Norovirus causes food-related illnesses and is not to be mistaken as a respiratory illness because it does not spread through breathing or coughing. Norovirus spreads through contaminated food and surfaces. The norovirus strain, called GII.17 Kawasaki, began to show up in the United States in the beginning of 2015 with its first significant outbreak being reported the third week of December. Historically, the GII.17 Kawasaki strain caused many outbreaks in Asia in 2014.
Symptoms of norovirus can include nausea, vomiting, watery diarrhea, abdominal pain, muscle aches, and low-grade fever. Symptoms of influenza, which is a respiratory illness, can include high fever, chills, body aches, sore throat, and running nose.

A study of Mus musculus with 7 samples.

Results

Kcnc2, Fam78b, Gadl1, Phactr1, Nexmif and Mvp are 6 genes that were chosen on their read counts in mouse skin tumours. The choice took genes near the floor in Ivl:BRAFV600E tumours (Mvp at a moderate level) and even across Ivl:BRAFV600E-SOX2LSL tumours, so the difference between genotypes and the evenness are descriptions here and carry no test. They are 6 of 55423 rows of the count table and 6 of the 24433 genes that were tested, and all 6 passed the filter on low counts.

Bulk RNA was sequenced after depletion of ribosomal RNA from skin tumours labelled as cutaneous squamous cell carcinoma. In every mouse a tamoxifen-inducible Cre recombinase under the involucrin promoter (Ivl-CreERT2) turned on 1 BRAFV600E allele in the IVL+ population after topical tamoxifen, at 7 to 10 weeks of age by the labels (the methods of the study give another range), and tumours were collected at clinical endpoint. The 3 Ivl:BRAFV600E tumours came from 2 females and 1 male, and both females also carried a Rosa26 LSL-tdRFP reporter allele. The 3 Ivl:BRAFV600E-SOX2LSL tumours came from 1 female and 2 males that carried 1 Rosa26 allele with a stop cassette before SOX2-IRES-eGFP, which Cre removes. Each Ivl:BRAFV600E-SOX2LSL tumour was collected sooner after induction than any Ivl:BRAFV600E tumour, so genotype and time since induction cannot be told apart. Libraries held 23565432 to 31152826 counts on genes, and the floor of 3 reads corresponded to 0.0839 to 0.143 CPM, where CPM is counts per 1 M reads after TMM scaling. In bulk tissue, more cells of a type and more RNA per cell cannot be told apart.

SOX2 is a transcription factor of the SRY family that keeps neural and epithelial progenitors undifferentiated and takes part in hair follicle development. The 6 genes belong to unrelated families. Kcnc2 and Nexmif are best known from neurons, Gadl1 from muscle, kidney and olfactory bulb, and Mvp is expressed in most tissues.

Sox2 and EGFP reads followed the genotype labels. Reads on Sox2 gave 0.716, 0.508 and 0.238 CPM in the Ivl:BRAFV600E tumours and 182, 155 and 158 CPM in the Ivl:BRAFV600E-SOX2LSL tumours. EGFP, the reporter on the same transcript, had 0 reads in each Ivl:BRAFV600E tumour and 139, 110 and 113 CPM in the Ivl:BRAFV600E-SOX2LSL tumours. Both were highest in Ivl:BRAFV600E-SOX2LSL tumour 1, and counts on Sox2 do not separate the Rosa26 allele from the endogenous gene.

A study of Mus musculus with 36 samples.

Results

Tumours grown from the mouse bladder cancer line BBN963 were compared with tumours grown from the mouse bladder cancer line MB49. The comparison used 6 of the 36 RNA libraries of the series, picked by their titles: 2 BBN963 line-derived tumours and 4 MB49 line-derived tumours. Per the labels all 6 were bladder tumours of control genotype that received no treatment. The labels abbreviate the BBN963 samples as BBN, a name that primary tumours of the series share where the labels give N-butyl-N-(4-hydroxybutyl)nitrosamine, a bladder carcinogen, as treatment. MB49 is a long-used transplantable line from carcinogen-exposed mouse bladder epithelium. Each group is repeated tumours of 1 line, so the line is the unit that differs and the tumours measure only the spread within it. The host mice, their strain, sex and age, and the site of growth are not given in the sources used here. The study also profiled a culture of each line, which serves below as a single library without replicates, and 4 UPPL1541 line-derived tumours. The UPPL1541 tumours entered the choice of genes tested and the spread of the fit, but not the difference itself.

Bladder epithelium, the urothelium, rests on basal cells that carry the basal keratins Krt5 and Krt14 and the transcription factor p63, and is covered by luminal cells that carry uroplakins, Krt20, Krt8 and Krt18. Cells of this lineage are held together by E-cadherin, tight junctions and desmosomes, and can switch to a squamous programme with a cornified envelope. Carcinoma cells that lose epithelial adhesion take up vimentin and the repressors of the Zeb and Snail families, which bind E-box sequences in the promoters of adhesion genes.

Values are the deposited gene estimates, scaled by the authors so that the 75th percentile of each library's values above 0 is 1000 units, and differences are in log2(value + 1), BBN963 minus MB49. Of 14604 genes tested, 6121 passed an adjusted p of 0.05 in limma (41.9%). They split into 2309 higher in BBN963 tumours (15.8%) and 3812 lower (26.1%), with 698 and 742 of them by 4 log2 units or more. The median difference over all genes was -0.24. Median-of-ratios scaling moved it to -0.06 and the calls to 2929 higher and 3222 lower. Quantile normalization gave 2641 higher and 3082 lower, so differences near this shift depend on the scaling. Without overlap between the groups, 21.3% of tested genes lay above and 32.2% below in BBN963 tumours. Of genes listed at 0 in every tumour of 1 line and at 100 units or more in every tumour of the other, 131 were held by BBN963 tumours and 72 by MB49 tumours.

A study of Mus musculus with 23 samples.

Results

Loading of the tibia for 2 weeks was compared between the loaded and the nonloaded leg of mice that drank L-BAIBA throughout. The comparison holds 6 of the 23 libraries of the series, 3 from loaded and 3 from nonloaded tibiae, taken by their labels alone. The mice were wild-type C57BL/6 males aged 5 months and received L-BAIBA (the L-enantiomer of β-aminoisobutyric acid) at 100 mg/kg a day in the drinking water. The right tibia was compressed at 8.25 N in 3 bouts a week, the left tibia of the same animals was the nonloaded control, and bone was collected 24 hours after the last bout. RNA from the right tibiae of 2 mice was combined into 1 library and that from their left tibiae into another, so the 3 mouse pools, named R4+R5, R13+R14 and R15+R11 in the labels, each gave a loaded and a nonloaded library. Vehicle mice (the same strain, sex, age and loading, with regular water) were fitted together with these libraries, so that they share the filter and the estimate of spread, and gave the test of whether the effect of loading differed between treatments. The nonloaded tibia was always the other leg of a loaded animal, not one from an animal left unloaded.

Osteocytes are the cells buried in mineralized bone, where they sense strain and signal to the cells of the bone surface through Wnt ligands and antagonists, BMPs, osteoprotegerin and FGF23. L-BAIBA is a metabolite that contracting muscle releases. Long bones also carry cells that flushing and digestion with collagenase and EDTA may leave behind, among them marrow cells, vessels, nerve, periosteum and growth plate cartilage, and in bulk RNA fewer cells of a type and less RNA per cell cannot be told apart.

Viruses can live on your skin and hands, however, regular and good hand washing techniques can help prevent the virus from spreading. Be sure to wash your hands thoroughly with soap and water. Hand washing can also be accompanied with a non-alcohol based sanitizer. Alcohol based sanitizers are not effective against norovirus. For surfaces, always disinfect surfaces with EPA approved disinfectants and be sure to understand the product instructions and application process. 64 Millennium Q, Microcide TB, and Century Q Wipes are effective against norovirus. Check out the Tip on using disinfectants blog for more information on how to use disinfectants.
Appropriate food handling is also necessary to help prevent this virus from spreading. Always wash your hands well before preparing food and do not handle food if you suspect that you have the virus.
For a listing of Multi-Clean liquid disinfectants or disinfecting wipes, please visit Multi-Clean’s Disinfectant webpage.